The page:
NATO Civil-Military Co-Operation (CIMIC) Doctrine


  • 64 pages
  • NATO Unclassified
  • July 2003




1. The Strategic Concept. Civil-military co-operation is not a new phenomenon within NATO. Traditionally, however, it was seen as presenting little more than a logistic challenge. NATO’s operations beyond its own domestic borders, on territory devoid of fully functioning civil institutions or effective infrastructure present different and more complex challenges. Changes to the environment in which NATO might potentially operate have led to the development of a new Strategic Concept (SC 99)3. This recognises a much wider range of threats to international security than existed hitherto. In addition to continuing to provide for collective defence, the Concept states that the Alliance must stand ready “to contribute to effective conflict prevention and to engage actively in crisis management, including crisis response operations”. The Strategic Concept goes on to state:

The interaction between Alliance forces and the civil environment (both governmental and non-governmental) in which they operate is crucial to the success of operations.

2. Indeed operations have underlined the requirement to co-ordinate activities with national and local governments as well as both International Organisations (IOs) and Non Governmental Organisations (NGOs). CIMIC supports the Commander in achieving this. CIMIC is a command responsibility.


1. Definition. CIMIC is defined as:

“The co-ordination and co-operation, in support of the mission, between the NATO Commander and civil actors, including national population and local authorities, as well as international, national and non-governmental organisations and agencies.”4

2. Application. Four further factors condition the application of CIMIC:

a. CIMIC activities form an integral part of the Joint Force Commander’s (JFC) plan, are conducted in support of his mission and are related to implementing the overall strategy and achieving a stable and sustainable end-state.

b. The Commander’s CIMIC staffs are fully integrated into his Headquarters (HQ) and have full vision of and are authorised to co-ordinate CIMIC activities in the Joint Operations Area (JOA), theatre or region.

c. In co-operating with a potentially wide range of civilian bodies, NATO forces will, as far as possible and within military means and capabilities, accommodate and support the activities of these bodies, providing this does not compromise the mission.

d. CIMIC activities are carried out with a view to timely transition of those functions to the appropriate civilian organisations or authorities.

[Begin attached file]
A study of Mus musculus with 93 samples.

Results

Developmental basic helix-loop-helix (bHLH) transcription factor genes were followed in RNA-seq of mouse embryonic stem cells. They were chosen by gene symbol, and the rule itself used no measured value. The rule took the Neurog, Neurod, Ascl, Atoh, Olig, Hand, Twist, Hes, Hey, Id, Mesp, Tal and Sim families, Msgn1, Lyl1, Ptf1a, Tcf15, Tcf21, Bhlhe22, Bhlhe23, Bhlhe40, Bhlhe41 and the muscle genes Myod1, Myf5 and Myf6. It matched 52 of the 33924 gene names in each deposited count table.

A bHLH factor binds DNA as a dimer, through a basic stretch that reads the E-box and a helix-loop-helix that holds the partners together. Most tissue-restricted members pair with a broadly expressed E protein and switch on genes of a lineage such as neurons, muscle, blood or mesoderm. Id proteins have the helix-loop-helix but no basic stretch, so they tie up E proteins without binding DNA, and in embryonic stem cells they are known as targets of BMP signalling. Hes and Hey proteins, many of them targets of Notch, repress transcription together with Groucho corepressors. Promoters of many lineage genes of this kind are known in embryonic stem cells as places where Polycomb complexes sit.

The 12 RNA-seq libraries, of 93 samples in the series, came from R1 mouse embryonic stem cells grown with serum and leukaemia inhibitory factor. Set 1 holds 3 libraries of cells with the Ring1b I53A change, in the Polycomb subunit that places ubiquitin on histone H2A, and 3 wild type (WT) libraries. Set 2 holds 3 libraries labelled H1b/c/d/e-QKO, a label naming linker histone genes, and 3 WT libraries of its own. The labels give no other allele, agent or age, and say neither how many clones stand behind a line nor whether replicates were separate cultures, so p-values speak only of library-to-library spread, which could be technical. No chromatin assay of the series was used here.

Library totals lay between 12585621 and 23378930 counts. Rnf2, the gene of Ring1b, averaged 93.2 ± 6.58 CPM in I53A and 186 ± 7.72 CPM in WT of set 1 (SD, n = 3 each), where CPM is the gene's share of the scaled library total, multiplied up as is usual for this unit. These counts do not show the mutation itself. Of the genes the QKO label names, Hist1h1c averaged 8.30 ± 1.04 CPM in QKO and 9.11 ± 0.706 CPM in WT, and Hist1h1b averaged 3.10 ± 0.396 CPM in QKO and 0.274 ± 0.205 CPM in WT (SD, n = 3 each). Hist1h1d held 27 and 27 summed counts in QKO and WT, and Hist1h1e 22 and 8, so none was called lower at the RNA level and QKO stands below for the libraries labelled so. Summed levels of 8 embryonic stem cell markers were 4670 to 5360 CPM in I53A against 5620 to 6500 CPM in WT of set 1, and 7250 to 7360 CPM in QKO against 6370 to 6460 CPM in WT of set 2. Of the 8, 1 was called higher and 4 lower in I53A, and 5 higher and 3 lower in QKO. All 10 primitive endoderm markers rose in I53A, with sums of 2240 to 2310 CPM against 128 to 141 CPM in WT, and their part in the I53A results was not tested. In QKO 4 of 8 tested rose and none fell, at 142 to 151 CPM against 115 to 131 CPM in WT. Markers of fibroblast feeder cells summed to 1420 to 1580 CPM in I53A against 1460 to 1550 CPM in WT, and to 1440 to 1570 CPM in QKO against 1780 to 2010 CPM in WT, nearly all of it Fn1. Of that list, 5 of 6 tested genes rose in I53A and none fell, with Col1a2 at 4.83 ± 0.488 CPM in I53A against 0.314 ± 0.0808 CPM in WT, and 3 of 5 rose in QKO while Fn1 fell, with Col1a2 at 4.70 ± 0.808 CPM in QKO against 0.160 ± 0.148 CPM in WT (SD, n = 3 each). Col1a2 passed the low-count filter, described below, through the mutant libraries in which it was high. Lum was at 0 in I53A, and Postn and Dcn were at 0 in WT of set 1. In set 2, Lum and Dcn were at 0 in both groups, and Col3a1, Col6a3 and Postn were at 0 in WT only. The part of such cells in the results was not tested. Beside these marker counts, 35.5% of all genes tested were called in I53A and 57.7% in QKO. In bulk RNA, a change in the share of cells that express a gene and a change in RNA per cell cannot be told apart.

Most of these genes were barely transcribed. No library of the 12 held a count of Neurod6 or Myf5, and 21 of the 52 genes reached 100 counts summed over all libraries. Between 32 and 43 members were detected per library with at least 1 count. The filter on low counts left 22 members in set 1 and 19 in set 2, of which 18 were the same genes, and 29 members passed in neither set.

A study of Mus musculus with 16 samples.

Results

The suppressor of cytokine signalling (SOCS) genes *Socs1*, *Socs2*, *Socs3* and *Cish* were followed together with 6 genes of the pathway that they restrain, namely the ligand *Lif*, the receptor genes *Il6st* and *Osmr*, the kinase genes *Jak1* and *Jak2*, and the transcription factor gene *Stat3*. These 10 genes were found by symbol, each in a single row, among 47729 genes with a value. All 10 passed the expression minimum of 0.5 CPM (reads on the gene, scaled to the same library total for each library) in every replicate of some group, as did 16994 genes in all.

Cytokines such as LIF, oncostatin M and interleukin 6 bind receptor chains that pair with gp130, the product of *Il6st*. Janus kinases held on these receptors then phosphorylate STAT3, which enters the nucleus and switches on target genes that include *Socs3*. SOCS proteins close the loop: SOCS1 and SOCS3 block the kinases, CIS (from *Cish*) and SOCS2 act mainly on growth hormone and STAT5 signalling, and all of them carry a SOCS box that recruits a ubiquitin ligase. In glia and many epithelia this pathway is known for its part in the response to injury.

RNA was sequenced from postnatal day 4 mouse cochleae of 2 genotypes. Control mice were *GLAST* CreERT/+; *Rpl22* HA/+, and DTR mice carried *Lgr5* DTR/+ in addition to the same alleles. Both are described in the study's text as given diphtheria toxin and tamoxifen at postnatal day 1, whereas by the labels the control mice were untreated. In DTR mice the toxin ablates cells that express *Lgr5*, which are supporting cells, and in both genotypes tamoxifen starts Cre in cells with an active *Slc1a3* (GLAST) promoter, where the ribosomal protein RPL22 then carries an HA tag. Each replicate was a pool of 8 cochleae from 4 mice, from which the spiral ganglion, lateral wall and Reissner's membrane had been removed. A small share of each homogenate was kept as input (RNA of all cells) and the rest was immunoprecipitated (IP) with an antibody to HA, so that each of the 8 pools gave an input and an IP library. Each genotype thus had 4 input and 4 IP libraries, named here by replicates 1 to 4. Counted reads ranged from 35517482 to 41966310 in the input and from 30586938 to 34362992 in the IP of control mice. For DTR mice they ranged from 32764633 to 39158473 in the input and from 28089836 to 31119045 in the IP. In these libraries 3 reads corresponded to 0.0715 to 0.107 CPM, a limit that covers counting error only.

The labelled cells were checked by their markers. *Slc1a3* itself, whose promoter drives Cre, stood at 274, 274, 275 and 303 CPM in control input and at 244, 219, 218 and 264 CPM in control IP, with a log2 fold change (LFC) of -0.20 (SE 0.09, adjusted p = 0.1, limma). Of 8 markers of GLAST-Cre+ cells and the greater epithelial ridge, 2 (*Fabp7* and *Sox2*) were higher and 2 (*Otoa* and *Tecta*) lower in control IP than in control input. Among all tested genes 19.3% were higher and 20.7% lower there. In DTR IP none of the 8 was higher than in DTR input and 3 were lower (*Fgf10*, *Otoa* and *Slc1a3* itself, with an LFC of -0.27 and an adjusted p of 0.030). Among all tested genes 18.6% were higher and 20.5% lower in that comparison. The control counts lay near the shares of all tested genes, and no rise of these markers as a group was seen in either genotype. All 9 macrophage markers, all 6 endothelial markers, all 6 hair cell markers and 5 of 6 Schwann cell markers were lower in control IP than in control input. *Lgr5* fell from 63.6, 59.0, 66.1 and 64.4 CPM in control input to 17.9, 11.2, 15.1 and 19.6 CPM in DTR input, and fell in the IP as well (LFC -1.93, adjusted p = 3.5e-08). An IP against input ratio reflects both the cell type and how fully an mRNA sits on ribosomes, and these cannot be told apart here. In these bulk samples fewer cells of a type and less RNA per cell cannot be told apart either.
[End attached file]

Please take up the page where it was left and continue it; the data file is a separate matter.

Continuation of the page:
1. Background. CIMIC is applicable to both Article 5 Collective Defence and Non-Article 5 Crisis Response Operations (CROs). In both scenarios commanders are increasingly required to take account of social, political, cultural, religious, economic, environmental and humanitarian factors when planning and conducting military operations. Furthermore, commanders must take into account the presence of large numbers of IOs and NGOs with their own aims, methods and perspectives, all of which may have to be reconciled with those of NATO. The context and profile of CIMIC will alter according to the nature of the crisis or operation. In combat operations, the focus of CIMIC is likely to be narrower than in other operations. In a CRO, the focus of CIMIC will be broader and more complex, enabling a commander to play his part in what is likely to be a composite, multi-functional approach to a complex political emergency.

2. Relationships with the Civil Environment. Challenges will be enhanced by the presence of the media and the expectations of both the international and local communities. Therefore effective relationships with a wide range of civilian organisations as well as local populations, governments and military forces will be essential in future conflict resolution. These relationships may include joint5 planning mechanisms at the strategic level. CIMIC is the Commander’s tool in establishing and maintaining these relationships.

3. The Purpose of CIMIC. The immediate purpose of CIMIC is to establish and maintain the full co-operation of the NATO commander and the civilian authorities, organisations, agencies and population within a commander’s area of operations in order to allow him to fulfill his mission. This may include direct support to the implementation of a civil plan. The long-term purpose of CIMIC is to help create and sustain conditions that will support the achievement of Alliance objectives in operations. In meeting this purpose CIMIC staff will:

a. Liaise with civil actors at the appropriate level.

b. Engage in Joint planning, at the strategic as well as the operational level, with appropriate civilian bodies before and during an operation.

c. Carry out continuous assessments of the local civil environment, including local needs in order to identify the extent of any vacuum and how that vacuum might be filled.

d. Oversee the conduct of civil-related activities by military forces, including the provision of requisite functional specialists.

e. Work towards a timely and smooth transition of civil responsibilities to the proper authorities.

f. Work with other staff branches on all aspects of operations.

g. Advise the Commander on all of the above.

4. Beyond this other objectives of CIMIC will be situation dependent. Potential CIMIC tasks in both Article 5 Collective Defence and non-Article 5 CROs are addressed in Chapter 3.